What’s in a name?
September 23, 2018

When I joined the Tasker Insurance Group one thing that was commonly asked was, will you change the name of the business, will you keep the old Tasker name?

I got it. People thought, perhaps assumed, that because I had taken over from Paul Tasker as CEO then I would have an issue with his name still being above the door. I am not quite sure what people thought I would change it to, certainly not my own name, and let’s face it, as well known as Paul was within the business, most of our existing clients and almost all of our prospective clients wouldn’t know a Paul Tasker from a Robert Organ.

To me, the question of brand was nothing to do with Paul leaving and me joining. In fact, I respected that Messrs Tasker, Reynolds and others had worked hard to create a business, starting out with a Lloyd’s broker and building a more complex insurance intermediary business. There was at least some comprehensible reason behind the Group’s name, which can’t be said for some of the recent rebrands within our industry.

No, to me the issue with our brand was more that we hadn’t been deliberate enough, we had a leading brand, but we hadn’t then leveraged it consistently across the Group. This resulted in a fragmented group of businesses trading under a variety of different names, with too many silos, not enough synergies and no real sense of group or family.

In fact, our approach to our branding unsurprisingly reflected how we ran the business. A variety of different businesses, competing against each other in some areas and certainly not supporting each other enough. With no common external face, it was hard for the market to understand us, which impacted our trading relationships and opportunities.

How did I know this? People told me. Insurers, suppliers, clients and most alarmingly our own people. In fact, the message came through loud and clear, particularly in the staff survey that we did just a few months after I joined. To me, this was astonishing. How could we expect insurers, suppliers and clients to understand our proposition if our own people were confused?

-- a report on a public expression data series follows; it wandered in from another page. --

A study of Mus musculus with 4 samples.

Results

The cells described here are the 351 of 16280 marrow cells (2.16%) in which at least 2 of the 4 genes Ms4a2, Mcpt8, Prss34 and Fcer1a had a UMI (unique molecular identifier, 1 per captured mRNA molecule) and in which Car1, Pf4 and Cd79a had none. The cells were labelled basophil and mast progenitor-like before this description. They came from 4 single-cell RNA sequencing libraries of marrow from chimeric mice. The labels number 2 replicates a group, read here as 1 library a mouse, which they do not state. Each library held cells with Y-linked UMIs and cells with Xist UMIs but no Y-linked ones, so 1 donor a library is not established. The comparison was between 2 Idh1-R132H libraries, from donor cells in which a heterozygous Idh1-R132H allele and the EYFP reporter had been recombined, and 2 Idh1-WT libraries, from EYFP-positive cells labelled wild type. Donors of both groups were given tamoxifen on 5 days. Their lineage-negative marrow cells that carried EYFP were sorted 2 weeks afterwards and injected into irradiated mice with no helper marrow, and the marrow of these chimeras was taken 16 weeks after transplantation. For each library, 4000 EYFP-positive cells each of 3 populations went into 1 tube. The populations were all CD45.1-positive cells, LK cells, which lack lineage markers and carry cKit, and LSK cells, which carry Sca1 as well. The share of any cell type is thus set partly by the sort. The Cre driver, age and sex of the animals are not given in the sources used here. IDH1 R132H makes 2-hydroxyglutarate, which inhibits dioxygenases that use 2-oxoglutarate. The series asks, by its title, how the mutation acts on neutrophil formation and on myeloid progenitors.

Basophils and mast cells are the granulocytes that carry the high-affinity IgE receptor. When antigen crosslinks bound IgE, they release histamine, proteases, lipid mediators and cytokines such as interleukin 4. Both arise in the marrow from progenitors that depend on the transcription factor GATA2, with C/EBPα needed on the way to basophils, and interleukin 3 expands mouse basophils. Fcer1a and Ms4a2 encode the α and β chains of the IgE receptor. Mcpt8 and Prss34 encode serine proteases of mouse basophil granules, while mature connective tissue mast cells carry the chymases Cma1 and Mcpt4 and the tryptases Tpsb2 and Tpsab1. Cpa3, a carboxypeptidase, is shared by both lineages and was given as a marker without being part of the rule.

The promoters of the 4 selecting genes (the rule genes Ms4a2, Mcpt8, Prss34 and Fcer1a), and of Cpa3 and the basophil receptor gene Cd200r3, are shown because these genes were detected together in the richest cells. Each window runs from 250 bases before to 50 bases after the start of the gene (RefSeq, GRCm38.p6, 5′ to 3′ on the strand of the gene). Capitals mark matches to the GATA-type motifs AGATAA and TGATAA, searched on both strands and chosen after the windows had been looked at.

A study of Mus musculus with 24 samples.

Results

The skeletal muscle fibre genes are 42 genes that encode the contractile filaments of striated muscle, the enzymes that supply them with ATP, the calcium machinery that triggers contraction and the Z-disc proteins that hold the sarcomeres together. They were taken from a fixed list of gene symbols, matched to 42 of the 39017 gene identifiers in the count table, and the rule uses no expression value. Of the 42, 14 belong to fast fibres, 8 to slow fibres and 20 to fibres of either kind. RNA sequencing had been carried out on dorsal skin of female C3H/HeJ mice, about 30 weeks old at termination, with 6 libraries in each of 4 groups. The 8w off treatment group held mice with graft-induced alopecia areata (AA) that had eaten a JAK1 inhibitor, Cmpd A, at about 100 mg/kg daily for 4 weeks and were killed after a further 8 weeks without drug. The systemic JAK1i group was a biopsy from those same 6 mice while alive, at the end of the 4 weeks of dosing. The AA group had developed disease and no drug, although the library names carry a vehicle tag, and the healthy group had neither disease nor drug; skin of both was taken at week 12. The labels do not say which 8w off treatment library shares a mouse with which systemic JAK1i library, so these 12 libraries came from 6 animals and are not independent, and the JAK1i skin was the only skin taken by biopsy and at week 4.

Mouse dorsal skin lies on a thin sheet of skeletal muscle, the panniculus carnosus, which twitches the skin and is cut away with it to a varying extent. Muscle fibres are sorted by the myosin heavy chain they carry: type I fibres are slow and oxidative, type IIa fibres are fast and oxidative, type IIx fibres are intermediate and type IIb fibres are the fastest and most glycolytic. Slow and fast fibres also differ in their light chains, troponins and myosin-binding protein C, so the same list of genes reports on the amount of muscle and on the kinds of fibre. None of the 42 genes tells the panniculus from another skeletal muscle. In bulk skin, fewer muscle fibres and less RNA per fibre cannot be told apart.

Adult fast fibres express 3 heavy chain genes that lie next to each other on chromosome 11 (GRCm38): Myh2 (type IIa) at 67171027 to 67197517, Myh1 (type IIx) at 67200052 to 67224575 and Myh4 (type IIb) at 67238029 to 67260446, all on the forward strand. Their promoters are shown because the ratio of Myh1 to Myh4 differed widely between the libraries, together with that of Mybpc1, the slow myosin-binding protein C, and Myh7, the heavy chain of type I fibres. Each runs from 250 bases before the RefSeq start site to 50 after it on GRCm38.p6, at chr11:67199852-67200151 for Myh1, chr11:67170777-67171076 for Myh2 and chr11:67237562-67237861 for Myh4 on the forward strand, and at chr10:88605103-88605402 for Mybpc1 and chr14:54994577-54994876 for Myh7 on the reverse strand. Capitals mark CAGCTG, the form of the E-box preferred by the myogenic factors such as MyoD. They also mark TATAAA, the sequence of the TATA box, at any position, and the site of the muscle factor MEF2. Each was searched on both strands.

We were making life harder than it needed to be. Something had to change.

Internally we have changed, we have brought the business together more than ever before, and I mean quite literally together.

  • Starting at the top, the leadership team meet and behave as a leadership team, which was new, in fact, I introduced some members of the team to each other myself, and as the new boy, that seemed wrong.
  • We held our inaugural annual conference where all our people came together for the first time to celebrate their achievements and share their plans.
  • We set about merging our various retail businesses into one, still with several geographical locations, but one business.
  • We have monthly communications to everyone in the business, keeping us all informed on how we are doing with the achievement of our plans, the ones we shared at the conference.
  • And we have a new common purpose, as a group we are embracing our corporate social responsibilities and have chosen to support Mind for the next twelve months.

With all that change, coming together, recognising and celebrating our collective strengths, it seems quite natural that our brand and brand strategy should reflect this. We are proud of our pedigree, and so we should be, we don’t need to start over, build something from scratch, we can build on what we have worked hard to create.

Tasker & Partners was where it all started, a successful and well-respected Lloyd’s Broker that continues to go from strength to strength today. We can build on this solid foundation and have done so, leveraging the name and the branding style across the rest of the business.

Whilst our Lloyd’s Broker is different to our MGA, which is different to our retail business, which includes some well recognised and differentiated niche specialisms, they are all part of the same family and are now recognisable as such.

Within our retail business, now that we have achieved a sense of togetherness, we can continue to recognise our differences. We have several strong specialisms that are stand out offerings within their market; Travel Risk Professionals, The Guest House Insurer and ProPublican to name a few, deserve to be recognised as different, but at the same time, they (and their clients) acknowledge the value of being part of the larger Group and so we recognise this within their branding.

So, we have rebranded, building on what we had rather than starting afresh. Our brand reflects our business, our togetherness, our differences, our specialisms, it has pedigree and this is proudly supported by our people which is just as well, as without them, what they do and how they do it, our brand is little more than a name and what’s in a name anyway.